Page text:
Tuesday, June 13, 2006

Thoughts From The Field

So, way back when, I was a counselor at a therapeutic wilderness program for troubled youth. It is a program that is still going and was actually broadcast as reality TV recently as ‘Brat Camp.’ (I couldn’t watch it—no thanks.) It is in southern Utah way, way out in the middle of the desert. (To make it undesirable for the kids to “run.”)

The kids who go to a program like this are usually either in custody of the state—juvenile delinquents, or “private” kids, whose parents have come to the conclusion that they don’t know what to do next to help their children, so they send them to a program like this. It usually goes down something like this: the kid is told at the last minute where they are going, and they are sent with strangers, who now have custody for a period of time, out to the middle of nowhere. They are given a backpack, a sleeping bag, and other necessities one may need to spend the next 30 to 90 days living in the desert. (And they are NOT happy about any of this.)

If you haven’t noticed, I have a link, 63 days, on my sidebar. This is not light reading. It is a tragic, horrific story of a girl who was sent to Challenger, one of the first “survival” camps. This was before there were many rules and regulations, and, Ally’s story is heart wrenching. Full of abuse and neglect.

At first, I was full of guilt, reading what she went through as a student at a wilderness program. I felt like it was me personally who had mistreated her and the kids in her group. But I worked for a different company with a different philosophy and much more stringent rules and regulations. My experience was not hers, and I don’t believe my students’ experiences were hers either, although after reading her story, I have wondered if I am too na├»ve. I was full of love and hurt for these kids and their lives and what they had gone through. Most of them had horrible family lives, or had been abused in some way—there is usually a reason when one acts out.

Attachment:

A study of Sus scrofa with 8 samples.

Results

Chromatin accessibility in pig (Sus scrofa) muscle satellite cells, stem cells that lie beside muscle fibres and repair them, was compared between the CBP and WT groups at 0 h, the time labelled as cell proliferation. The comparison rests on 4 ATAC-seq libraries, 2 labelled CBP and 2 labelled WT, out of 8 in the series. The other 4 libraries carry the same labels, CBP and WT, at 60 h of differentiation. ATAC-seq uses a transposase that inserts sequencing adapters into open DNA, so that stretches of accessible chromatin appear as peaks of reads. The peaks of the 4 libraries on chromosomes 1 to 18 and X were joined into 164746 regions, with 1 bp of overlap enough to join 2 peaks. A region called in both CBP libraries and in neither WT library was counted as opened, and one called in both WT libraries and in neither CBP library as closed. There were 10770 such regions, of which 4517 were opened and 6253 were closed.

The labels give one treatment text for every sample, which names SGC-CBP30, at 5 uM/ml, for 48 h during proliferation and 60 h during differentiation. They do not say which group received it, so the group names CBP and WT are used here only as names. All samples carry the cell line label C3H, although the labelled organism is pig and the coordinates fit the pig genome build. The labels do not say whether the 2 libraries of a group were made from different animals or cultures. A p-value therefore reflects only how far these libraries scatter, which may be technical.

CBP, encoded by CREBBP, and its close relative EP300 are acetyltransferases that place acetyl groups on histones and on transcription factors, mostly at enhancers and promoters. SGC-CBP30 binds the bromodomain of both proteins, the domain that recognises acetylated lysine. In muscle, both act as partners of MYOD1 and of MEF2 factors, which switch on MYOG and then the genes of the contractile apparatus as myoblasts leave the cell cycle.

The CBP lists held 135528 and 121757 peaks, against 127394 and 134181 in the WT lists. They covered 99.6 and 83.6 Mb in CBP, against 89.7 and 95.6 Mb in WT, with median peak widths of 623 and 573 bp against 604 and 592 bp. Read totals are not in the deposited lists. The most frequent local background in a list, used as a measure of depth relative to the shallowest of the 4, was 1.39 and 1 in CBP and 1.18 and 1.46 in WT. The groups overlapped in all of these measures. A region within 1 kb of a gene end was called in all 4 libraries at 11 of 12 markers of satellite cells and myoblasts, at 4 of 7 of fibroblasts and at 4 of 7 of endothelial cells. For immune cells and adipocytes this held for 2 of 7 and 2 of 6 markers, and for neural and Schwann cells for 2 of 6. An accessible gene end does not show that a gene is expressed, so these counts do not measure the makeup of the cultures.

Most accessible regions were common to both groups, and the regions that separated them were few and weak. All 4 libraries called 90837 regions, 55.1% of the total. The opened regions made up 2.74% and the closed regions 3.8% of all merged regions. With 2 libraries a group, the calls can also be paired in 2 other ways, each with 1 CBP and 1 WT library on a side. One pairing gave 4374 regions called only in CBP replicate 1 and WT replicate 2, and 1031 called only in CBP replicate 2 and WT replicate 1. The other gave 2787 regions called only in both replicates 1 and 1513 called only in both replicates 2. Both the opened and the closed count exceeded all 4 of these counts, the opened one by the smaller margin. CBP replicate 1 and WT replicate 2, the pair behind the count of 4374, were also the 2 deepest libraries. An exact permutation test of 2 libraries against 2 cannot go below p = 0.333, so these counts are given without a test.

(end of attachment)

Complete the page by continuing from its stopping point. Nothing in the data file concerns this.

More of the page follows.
I am at peace now, remembering my role with these kids. I treated them with kindness, and sat and listened as they spoke of their struggles. I cheered and laughed with them as they celebrated their successes. I would shed tears driving home after my eight days in “the field,” needing a release of all the stress and sadness of seeing these good kids who had made bad choices struggle with where it had put them in their individual lives. I know I helped. I know that I made a difference.

I led hikes, ate what the kids ate, slept under the stars, and witnessed the beauty of the desert and changing lives. So, although it sounds harsh to pull kids out of their surroundings and plop them in the middle of nowhere, give them oats and rice to eat, and make them learn to make bow drill fires, I can see the good in it. I carried my belongings on my back and thoughts in my head, and hopefully, the kids who were there while I was their counselor, didn’t experience the same things that Ally did. Perhaps they were healed in small ways and think fondly on their experience in the desert with all the other dirty wanderers.


Anonymous said...

I bet you were a great counselor - YOU STILL ARE (Dr. Soucy). It's so meaningful to have a friend you can pour your heart out to anytime of the day.



Tori said...

Those kids were so lucky to have you with them. My heart aches for Alli for what she went through, but knowing her now after all of these years have passed, she is one of the strongest people I have ever known. If only she had had a counselor like you while there.

MiandMiksmom said...

My sister was in a "Wilderness Program"...AYA if I remember right. It was horrible to have her gone. I was very pregnant and just wanted my sister home with us. It ended up a good experience, maybe because she had someone like you to help her.

Alli said...

Thank you for this...I just found it. Those kids were indeed lucky to have you. Things have changed and if I didn't have lots of kids and a husband, I'd probably be there trying to help too.

You should sleep well knowing you helped, not many do.